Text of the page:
Witzig
A behind-the-scenes look at Witzig’s vintage collection

Photo: Christina is modeling our vintage gold-tone dachshund tie clip.

If you’re here, you’re likely a dachshund devotee. And because our enthusiasm for our doxies is just about always overflowing, we wanted to make sure that Witzig was a place where you could find more than just the essentials you need for your pup.

You may have noticed the vintage items on our site, nestled between denim vests and bungee leashes. Each of these one-of-a-kind pieces are hand-selected by Witzig’s Christina Boland, a dachshund parent and vintage aficionado. But what’s the story behind these pieces and how she chooses them? Below, Christina shares a behind-the-scenes look at what goes into sourcing Witzig’s unique vintage collection.

What inspired you to include vintage pieces in Witzig’s product selection?

There are so many e-commerce sites that sell gear or toys for your pets, and I think it’s easy to feel inundated with choice, because at any given time, there’s so much available. With these vintage items, though, we have a very limited quantity, and so if you want to purchase one, it’s more time-sensitive than a standard purchase. For Christmas, for example, the ornaments I’ve selected are all unique — we only have one of each. That means that once someone buys one, it’s gone. To me, that makes it both a more special gift to give and a more special gift to receive. We’ll always sell harnesses and toys — they’re incredibly useful! — but we don’t want to needlessly fill the site with things that people don’t need, either. By adding vintage pieces that people haven’t seen before and may not see again, we keep the site fresh and exciting.

How do you select Witzig’s vintage pieces?

I love yard sales, thrift stores, and estate sales, so I always have an eye out. It’s an added bonus that I get to do that for work now. Taste is so personal, and everyone has a different style, so I’m not only going to choose items that I would want to have. I do try to consider what’s tasteful though, and tend to ask myself if an item is something that I would be horrified to see in someone else’s home. If it doesn’t pass that test, I won’t put it on the site.

Once I find a piece that I love, I search for it again. By doing this, I’m looking to make sure that the item is fairly unique. If I can find dozens of the same thing online, I’ll probably pass. Condition is also really important. If there’s a tiny crack or something small, it’s okay and I’ll be sure I note that on the site, but I’m not going to buy anything that looks damaged or is dirty.

We’ve heard from so many of the dachshund owners in our community that after a certain point, their friends seem to only get them dachshund-related gifts. For the most part, they’re receiving items that feel a bit generic, and they don’t have any real interest in holding on to them. Instead of the cheesier, mass-produced dachshund paraphernalia, it’s my goal to ensure that Witzig’s vintage items are things that people would actually be excited to receive — to the point that they may even buy them for themselves.

How do you define vintage?

A lot of stores market things as vintage, but they’re actually brand new items that are just “vintage-style,” so it’s an important distinction to make. I think vintage can be as new as 10 years ago if I feel confident that it’s not still being produced and hasn’t been produced since then. Vintage pieces by my definition are things that aren’t still in circulation, and it’s a bonus if it’s something that not only isn’t produced anymore, but also wasn’t ever widely produced and so isn’t readily available. I’m sure there are things that were produced 10 years ago that haven’t been produced since, but you could find them almost anywhere, and that’s less appealing to me. Beyond that, anything that is pre-1990s is a pretty definite yes.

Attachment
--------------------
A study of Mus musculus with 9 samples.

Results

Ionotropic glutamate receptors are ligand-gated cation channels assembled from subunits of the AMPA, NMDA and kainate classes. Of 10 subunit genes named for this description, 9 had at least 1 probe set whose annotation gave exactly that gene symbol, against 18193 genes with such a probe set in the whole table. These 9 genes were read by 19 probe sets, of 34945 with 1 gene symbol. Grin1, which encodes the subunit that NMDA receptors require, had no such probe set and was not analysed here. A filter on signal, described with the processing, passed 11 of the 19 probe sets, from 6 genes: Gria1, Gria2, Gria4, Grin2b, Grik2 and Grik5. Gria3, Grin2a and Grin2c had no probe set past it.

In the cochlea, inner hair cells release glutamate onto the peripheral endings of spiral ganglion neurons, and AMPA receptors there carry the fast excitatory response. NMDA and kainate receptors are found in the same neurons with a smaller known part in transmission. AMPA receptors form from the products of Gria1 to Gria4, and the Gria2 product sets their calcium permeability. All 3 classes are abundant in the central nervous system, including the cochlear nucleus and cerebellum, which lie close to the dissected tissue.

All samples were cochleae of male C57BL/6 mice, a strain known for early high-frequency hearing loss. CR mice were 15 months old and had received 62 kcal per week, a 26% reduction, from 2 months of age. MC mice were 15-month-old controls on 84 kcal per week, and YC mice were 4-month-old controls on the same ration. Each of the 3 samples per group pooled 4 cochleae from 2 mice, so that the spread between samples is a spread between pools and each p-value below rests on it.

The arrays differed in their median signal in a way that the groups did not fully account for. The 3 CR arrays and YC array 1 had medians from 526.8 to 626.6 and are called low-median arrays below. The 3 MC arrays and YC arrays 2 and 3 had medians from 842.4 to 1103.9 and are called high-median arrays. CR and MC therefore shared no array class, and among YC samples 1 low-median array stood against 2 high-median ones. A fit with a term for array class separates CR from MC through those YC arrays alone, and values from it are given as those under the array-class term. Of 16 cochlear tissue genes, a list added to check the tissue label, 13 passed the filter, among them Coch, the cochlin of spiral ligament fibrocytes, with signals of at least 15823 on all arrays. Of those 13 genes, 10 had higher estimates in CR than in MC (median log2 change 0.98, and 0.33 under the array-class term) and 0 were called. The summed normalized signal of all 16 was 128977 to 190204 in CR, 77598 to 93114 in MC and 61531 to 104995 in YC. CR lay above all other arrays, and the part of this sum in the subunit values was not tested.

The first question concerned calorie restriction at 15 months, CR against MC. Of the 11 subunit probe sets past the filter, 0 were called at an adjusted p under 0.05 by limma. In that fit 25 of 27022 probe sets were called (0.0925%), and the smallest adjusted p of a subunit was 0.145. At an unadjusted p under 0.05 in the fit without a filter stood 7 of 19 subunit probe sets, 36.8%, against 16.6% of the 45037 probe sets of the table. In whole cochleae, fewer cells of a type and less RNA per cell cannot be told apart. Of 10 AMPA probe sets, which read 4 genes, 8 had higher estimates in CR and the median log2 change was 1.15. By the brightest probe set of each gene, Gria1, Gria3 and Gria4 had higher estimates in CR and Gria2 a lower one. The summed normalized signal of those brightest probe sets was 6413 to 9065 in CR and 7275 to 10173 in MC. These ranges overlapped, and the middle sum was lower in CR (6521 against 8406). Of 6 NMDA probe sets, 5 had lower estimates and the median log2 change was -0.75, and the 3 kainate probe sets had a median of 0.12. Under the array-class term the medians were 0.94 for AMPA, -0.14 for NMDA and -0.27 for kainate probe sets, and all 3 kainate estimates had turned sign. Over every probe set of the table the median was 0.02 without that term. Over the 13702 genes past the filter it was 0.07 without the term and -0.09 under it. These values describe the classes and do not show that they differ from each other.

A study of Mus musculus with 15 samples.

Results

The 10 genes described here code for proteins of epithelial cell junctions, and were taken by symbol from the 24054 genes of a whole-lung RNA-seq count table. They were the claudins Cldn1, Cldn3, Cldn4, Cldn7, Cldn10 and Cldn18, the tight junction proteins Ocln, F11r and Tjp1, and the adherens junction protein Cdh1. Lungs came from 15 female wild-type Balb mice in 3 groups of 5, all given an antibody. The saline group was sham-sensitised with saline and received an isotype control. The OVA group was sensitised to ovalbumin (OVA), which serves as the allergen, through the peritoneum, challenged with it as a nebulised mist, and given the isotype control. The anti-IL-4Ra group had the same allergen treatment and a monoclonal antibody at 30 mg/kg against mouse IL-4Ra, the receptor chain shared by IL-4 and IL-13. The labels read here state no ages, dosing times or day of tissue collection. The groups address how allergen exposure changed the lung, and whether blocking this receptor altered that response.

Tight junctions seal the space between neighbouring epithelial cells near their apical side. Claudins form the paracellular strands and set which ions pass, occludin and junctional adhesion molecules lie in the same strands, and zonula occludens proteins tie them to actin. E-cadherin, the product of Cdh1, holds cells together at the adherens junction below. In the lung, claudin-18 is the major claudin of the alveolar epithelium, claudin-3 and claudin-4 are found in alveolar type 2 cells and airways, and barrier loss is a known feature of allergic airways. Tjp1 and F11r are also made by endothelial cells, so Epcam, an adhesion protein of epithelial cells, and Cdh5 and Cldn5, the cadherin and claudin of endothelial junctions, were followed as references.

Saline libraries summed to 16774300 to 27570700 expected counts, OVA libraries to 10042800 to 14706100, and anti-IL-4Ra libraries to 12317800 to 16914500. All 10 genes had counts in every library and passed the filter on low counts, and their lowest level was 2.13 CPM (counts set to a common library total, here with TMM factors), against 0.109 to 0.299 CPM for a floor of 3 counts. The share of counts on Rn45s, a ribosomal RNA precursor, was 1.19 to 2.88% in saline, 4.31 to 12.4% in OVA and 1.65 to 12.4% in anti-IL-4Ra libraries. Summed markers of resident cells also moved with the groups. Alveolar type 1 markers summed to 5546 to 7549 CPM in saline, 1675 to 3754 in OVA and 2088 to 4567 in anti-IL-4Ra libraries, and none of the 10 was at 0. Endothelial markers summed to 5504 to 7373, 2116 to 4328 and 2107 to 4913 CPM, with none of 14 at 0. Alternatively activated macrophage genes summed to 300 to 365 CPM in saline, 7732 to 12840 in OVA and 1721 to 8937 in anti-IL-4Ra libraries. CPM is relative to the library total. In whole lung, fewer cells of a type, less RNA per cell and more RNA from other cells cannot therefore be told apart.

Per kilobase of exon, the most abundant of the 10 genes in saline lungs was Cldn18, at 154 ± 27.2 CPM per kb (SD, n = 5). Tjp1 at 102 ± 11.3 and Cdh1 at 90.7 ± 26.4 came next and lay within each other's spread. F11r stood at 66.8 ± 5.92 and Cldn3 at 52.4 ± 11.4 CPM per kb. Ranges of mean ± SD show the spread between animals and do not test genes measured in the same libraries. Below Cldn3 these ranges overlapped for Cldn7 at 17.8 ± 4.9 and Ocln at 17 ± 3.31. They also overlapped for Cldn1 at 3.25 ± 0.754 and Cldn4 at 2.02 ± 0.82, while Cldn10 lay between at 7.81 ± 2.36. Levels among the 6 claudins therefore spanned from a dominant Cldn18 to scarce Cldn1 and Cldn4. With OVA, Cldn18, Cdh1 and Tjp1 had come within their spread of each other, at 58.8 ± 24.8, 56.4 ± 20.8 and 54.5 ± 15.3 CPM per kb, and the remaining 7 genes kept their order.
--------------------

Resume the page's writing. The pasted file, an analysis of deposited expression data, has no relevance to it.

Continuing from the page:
Have you learned anything about the breed while hunting for vintage dachshund pieces?

I get the sense that dachshunds were incredibly popular in the 50s. There’s a lot of ephemera from that decade. I don’t know if it has something to do with the timing of the World Wars, but there are a lot of Americana pieces from that time period that feature dachshunds.

What are some of the pieces you’ve found that you’ve loved the most?

I really love the framed pieces. There’s one in particular that, for whatever reason, I’m really into. It’s a Polaroid that was taken in the 60s of a guy lying down with his dachshund. They’re not doing anything special — maybe napping after dinner or something. Looking at it, you start to wonder what that guy was like, why the photo was taken, and why it was saved for all these years. It’s a pretty candid snapshot, but I also find the photo really beautiful, and by framing it, I love that we’re giving the piece a second life.

In general, the older the piece is, the more fascinated by it I am. We found a postcard from 1912 that we’re planning on framing in double-sided glass. It was a sent postcard, and I want to be sure that the message is preserved. To think about the fact that someone wrote it, that someone owned it, and that someone held onto it for all these years is crazy to me. I’m a packrat, especially with cards, because it’s so rare to get handwritten notes these days and they feel really special. But to make it through over 100 years? That’s quite something.

Are there any pieces you’re hoping to find that you haven’t found yet?

I would love to find a super-soft, worn — but clean! — dachshund t-shirt from the 80s. I haven’t found anything like that yet, which surprises me, because I’m sure that it must exist! If and when I do find one, though, I might have a hard time putting that one on the site because I have a feeling I would want it for myself.